REVIEW WRITTEN BY NATHAN LERNER
For Digital First Media
“Little Boy” is the latest faith-based movie to hit the theaters. It is set during World War II in the small fictional town of Ohaire in coastal California.
“Little Boy” consciously evokes the look and feel of Norman Rockwell’s view of mid-century America. The film struggles to reconcile this glorified perspective with certain unpleasant realities.
Seven-year-old protagonist Pepper Busbee (Jakob Salvati) has been derisively dubbed “Little Boy.” He is teased and bullied mercilessly by his peers for his diminutive stature.
Pepper seemingly has no friends. His teen-aged brother, London (David Henrie), treats him dismissively.
However, Pepper’s garage operator dad, James (Michael Rappaport), dotes on his younger son. Clearly, Pepper’s dad is also the boy’s best friend.
Pepper and James are both fans of the comic book/movie serial character, Ben Eagle (Ben Chaplin). Ben Eagle is a magician. Whenever he moonlights as a crime-fighter, he uses his mastery of legerdemain to foil the villains. Father and son playfully act out episodes from Ben Eagle’s canon of adventures.
The idyllic, small town vibe of Ohaire is disrupted by the Japanese attack on Pearl Harbor. The United States emerges from its isolationist posture and enters World War II.
London attempts to sign up at an Army recruiting station. However, he is rejected as 4F for having flat feet. As he laments, “What’s that got to do with killing Japs?”
The film posits that since London has been rejected, James is somehow obliged to fill his spot. It seems not to matter that James is a middle-aged man with a family. James is shipped off to the Pacific Theater, where he serves as an over-aged infantryman.
Now, Pepper is left alone without his best friend and protector. Pepper would do anything to have his dad back, safe and sound. It is a touching premise.
Pepper consults the local parish priest, Father Oliver (Tom Wilkinson). What can Pepper do to bring his father back from the front? Father Oliver cites the Catholic adage, “a mustard seed of faith can move mountains.” He advises a credulous Pepper that if the lad expresses enough religious faith and performs certain good deeds, it may hasten the end of the war and the return of his daddy.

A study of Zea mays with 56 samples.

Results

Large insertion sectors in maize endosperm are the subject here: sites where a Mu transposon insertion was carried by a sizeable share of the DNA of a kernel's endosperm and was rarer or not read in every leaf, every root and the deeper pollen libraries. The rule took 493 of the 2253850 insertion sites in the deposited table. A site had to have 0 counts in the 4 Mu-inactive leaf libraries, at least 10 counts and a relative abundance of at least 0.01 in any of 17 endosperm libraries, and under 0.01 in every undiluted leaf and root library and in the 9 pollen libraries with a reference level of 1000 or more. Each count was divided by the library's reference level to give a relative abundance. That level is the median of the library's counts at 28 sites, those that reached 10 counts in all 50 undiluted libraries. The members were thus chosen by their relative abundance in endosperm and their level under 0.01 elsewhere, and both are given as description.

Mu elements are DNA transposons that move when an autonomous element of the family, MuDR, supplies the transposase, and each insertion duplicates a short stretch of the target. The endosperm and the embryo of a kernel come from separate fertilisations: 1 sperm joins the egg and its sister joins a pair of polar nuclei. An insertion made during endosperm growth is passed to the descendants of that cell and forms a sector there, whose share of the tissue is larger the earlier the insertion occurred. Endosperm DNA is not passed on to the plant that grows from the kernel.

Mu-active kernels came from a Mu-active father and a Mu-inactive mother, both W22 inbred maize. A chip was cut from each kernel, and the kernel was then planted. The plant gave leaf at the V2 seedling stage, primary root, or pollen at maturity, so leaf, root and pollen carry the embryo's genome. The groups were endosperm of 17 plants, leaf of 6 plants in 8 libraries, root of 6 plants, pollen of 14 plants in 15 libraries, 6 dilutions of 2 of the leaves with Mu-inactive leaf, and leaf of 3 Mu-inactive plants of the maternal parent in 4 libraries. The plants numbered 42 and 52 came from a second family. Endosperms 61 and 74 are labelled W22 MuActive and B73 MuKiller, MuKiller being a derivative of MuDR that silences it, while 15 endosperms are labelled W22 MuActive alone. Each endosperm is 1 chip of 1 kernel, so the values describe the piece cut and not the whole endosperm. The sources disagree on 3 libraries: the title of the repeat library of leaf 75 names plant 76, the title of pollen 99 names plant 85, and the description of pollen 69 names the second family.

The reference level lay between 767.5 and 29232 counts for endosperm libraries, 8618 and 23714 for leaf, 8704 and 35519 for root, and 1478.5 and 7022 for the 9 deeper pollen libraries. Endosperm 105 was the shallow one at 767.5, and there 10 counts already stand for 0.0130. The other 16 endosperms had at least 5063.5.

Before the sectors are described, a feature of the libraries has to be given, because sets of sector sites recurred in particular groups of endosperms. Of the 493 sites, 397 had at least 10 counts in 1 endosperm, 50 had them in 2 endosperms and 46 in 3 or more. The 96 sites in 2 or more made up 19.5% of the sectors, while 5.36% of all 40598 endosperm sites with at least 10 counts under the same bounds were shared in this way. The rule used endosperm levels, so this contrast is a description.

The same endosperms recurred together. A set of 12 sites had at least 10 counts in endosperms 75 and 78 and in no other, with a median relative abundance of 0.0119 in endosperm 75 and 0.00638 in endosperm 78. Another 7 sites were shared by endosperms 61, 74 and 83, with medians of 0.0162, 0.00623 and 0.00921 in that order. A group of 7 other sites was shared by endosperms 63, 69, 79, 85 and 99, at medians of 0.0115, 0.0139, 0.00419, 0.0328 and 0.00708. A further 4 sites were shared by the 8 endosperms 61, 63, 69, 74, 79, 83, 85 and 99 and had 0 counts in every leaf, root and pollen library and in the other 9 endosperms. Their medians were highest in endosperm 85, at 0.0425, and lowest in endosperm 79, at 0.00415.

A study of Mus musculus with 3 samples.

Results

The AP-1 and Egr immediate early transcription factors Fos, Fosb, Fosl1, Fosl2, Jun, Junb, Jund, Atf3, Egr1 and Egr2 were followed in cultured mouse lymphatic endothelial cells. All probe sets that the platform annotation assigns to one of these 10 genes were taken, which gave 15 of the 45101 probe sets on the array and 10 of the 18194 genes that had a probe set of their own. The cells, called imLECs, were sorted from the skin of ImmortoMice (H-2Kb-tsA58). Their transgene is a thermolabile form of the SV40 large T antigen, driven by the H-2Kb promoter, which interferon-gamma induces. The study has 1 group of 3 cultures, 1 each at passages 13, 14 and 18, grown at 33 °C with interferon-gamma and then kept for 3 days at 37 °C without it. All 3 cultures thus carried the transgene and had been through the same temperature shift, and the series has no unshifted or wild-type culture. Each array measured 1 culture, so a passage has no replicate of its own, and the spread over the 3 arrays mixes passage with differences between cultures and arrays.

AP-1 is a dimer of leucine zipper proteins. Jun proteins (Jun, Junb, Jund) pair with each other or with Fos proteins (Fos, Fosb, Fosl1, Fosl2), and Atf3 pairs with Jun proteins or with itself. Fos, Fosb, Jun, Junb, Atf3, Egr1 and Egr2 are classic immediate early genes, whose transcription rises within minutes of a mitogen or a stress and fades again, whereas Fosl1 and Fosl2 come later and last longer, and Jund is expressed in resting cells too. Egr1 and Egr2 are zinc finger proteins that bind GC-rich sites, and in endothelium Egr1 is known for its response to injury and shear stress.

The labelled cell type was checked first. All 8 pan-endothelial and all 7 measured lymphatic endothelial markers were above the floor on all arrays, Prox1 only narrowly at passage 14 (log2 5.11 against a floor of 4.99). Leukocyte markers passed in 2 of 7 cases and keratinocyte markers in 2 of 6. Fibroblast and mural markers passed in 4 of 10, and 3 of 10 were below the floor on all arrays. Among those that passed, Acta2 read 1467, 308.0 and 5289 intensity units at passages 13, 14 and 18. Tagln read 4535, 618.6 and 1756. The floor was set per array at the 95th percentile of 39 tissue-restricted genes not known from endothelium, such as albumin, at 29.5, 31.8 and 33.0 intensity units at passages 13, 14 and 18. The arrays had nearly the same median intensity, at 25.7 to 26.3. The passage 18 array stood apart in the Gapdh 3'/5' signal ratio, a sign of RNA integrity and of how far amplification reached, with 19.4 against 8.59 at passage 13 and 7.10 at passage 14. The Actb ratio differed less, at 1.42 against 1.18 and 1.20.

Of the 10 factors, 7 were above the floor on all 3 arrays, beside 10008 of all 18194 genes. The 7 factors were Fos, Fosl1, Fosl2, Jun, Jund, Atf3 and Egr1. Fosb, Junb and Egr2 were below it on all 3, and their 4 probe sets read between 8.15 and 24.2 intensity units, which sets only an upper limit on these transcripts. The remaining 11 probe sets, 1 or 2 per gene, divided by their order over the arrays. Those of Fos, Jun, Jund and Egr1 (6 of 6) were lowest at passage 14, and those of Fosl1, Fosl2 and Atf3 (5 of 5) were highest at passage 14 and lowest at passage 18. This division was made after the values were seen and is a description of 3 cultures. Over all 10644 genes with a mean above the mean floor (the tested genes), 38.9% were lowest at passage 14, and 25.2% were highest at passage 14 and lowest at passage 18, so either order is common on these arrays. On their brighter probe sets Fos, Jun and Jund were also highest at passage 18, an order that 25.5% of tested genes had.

Father Oliver tasks Pepper with an unwelcome assignment. He must befriend Hashimoto (Cary-Hiroyuki Tagawa from “The Last Emperor” and “Memoirs of a Geisha”), a social pariah. Following Hashimoto’s release from an internment camp, he lives on the outskirts of town. Of course, in the wake of Pearl Harbor, Hashimoto is the object of unfettered racism.
Pepper expresses reluctance about accepting this unwelcome duty. However, Father Oliver remains insistent. He counsels Pepper that “your faith won’t work if you have even the slightest bit of hatred in you.”
The title, “Little Boy,” has a double meaning. Even after Nazi Germany had surrendered to the Allies, Japan refused to do likewise. The United States threatened “”prompt and utter destruction,” albeit to no avail. Little Boy was the code name for the bomb dropped on the Japanese city of Hiroshima on Aug. 6, 1945. Days later, the United States dropped another atomic bomb on Nagasaki.
Both Tom Wilkinson and Emily Watson (in an underwritten role as Pepper’s mom) have been nominated twice for Oscars. Their presence here lends some gravitas to the film. Cary-Hiroyuki Tagawa is also a welcome addition to the cast.
Alas, the manipulative screenplay by Alejandro Monteverde and Pepe Portillo is poorly crafted. It propounds a disconcerting message, which conflates magic with faith.
Monteverde had an auspicious debut as the director of the well-regarded film “Bella.” It won the People’s Choice Award at the Toronto International Film Festival. However, that was back in 2006. Monteverde’s résumé reveals a curious gap since then. In this film, he does little to realize the early promise that he had once displayed.
Husband and wife team Roma Downey and Mark Burnett are among the movie’s executive producers. They have prior producer credits for “Touched by an Angel” and “Son of God.” This film is marred by a similar obsession with proselytizing at the expense of effective story-telling.
“Little Boy” boasts some heart-warming moments. However, they can’t save the film from mediocrity.
PG-13 (for some mature thematic material and violence) 106 minutes. Open Road Films
Nathan Lerner sees over 300 feature films a year. He welcomes feedback at firstname.lastname@example.org.